Margaret Hagan started her career on the path of the academic. She received her undergraduate degree in Comparative Literature from the University of Chicago; she got her Masters degree in Nationalism Studies from Central European University, and she received her Ph.D in Politics and International Studies from Queen’s University in Belfast. Margaret’s plan, from there, was to enter the foreign service & grow a career as a diplomat.
Her defense was behind her, and the road ahead seemed clear. Then came the diagnosis.
During a routine exam, a university nurse discovered lumps in Margaret’s neck. It was Stage IV Hodgkins lymphoma. The year-long treatment regimen put a stop to nearly all of Margaret’s academic work. She moved home to live with her parents in Pittsburgh and published a few articles related to her thesis. But most of her time was dedicated to distractions — anything to get her mind off of the chemotherapy treatments. She took a film class, produced radio segments for student stations back in Belfast. She started drawing comics.
“I know what that feeling is like — to be like, my life is over,” Margaret said. The experience helped her realize she wanted to have an impact rather than merely study and write.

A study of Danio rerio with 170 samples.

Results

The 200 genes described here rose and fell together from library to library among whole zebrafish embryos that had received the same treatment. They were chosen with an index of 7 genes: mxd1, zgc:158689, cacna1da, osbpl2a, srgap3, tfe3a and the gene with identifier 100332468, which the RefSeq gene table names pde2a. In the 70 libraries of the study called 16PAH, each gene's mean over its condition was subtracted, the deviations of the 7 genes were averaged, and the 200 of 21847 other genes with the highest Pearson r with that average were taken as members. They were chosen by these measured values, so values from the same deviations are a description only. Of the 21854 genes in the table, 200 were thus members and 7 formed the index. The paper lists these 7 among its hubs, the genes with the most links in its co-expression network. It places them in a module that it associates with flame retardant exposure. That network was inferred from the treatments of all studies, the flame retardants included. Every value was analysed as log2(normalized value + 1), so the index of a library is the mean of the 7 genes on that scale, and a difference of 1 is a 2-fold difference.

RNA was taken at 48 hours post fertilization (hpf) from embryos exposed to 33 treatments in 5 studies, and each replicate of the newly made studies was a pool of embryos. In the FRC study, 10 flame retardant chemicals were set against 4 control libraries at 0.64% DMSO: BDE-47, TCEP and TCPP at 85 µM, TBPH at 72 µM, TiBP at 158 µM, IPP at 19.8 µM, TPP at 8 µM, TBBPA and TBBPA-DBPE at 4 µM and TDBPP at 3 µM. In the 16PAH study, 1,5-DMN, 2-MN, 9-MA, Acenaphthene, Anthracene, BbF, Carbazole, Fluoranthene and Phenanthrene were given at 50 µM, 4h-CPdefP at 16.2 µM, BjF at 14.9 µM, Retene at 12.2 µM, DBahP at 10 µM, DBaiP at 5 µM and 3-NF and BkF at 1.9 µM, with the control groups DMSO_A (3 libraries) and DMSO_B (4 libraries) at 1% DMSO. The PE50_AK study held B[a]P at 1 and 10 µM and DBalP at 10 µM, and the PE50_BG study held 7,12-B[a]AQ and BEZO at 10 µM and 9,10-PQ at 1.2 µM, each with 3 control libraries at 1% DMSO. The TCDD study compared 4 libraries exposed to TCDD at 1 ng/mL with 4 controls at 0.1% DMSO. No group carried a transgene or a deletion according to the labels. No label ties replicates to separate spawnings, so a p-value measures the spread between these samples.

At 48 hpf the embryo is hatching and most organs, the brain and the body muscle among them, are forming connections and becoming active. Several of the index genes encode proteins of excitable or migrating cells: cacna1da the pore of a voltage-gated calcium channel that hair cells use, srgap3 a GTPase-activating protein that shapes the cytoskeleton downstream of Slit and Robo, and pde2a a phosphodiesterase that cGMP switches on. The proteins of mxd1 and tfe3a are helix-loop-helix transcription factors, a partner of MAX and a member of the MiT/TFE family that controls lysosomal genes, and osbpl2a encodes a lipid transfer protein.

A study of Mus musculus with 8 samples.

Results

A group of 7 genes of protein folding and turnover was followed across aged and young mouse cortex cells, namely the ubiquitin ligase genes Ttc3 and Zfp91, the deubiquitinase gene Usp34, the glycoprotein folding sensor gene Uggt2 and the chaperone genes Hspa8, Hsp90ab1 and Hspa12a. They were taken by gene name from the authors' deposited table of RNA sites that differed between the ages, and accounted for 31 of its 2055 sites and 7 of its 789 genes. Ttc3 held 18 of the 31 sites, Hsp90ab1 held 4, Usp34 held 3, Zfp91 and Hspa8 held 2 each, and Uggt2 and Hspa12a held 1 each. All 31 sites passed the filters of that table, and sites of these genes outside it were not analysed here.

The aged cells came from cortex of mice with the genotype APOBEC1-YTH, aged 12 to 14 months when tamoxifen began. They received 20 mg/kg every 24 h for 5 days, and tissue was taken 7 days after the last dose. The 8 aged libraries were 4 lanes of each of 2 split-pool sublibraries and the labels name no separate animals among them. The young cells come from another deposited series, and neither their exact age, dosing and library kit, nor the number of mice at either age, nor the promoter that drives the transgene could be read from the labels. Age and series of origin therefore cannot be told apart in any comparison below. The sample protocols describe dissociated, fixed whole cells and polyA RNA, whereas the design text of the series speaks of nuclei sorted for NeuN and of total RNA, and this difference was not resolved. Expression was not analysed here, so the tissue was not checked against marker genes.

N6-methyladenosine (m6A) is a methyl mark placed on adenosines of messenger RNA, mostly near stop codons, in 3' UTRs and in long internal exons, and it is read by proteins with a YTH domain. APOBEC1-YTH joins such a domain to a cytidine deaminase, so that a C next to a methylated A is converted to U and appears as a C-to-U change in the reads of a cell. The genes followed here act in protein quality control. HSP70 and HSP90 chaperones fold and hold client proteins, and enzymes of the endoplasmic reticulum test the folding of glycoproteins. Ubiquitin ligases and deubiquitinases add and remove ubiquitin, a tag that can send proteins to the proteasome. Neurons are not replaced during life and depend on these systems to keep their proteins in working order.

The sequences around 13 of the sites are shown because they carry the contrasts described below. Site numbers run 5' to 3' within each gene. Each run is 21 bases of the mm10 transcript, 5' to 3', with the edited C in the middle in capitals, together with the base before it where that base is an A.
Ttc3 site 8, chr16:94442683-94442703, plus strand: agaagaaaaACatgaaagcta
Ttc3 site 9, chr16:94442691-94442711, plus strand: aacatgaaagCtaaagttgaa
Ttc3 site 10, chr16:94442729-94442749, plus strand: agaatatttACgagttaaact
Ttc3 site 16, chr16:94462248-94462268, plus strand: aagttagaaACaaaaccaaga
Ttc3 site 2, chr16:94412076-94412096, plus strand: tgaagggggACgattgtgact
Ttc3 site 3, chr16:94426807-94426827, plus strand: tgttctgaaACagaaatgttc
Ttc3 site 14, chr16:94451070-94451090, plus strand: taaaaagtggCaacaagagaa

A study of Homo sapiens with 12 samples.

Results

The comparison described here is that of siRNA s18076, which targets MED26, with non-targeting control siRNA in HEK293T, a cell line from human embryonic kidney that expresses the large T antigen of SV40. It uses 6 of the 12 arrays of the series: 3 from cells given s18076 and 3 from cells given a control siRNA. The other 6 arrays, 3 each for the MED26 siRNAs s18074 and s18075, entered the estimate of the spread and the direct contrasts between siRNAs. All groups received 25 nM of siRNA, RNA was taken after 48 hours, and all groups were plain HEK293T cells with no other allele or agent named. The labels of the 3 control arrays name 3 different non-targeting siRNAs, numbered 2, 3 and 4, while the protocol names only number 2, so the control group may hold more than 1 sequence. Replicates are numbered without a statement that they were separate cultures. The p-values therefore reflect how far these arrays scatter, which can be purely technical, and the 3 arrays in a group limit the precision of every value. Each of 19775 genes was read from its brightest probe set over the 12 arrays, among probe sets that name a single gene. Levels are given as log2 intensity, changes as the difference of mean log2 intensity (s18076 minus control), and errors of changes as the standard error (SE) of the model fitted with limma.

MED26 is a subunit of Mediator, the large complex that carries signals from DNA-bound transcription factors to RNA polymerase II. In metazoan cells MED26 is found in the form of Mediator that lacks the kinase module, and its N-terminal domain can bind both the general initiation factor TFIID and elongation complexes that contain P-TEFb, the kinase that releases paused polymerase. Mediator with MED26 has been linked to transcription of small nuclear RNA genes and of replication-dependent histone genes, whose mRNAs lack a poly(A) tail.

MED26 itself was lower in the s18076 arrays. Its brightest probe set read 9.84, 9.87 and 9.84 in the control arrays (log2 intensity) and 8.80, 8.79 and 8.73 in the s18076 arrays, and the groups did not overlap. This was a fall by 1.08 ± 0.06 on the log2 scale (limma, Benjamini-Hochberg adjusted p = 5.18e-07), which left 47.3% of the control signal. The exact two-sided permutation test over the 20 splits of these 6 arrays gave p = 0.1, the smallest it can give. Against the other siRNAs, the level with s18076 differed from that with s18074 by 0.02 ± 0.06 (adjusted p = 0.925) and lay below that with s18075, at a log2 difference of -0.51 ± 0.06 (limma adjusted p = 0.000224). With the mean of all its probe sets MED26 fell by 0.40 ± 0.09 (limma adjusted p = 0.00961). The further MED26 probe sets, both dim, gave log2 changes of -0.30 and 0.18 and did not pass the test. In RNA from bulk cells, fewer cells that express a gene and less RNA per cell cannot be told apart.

So Hagan applied to law school.
She became the co-president of the Stanford Law and Technology Association and was admitted as a fellow at the Center for Internet & Society, focusing on privacy and technology. Margaret also became enthralled by the Liberation Technology Group, which focuses on the role technology can play in international crises. She enrolled in a class focused on the subject the following year, which brought her to the d.school. That experience taught her the value of starting small and listening to users early and often.
Today, Margaret is marrying her legal expertise with design thinking to help people better understand the law and improve access to justice. She has built more than 10 apps, including Law School Dojo and GRE Dojo, which use quizzes to help users gain a better grasp of the law and the GRE respectively. She also developed Turkification, a quiz-based platform for users who wish to learn Turkish.
As a d.school fellow, Margaret plans to develop a new field: legal design. The process will involve bringing those with legal expertise together with their counterparts in the design world. The ultimate goal is to both improve the job market for a growing number of unemployed and underemployed lawyers while improving access to legal counsel for prospective clients.
“I’m so done with talking, and so done with sitting in classrooms and reading articles,” Margaret says, “I know there’s an opening to do something amazing, excellent, interesting.”
Follow Margaret on Twitter at @margarethagan.
“How designer Margaret Hagan drew her way through law school”
Terry Carter, Legal Rebels for The American Bar Association.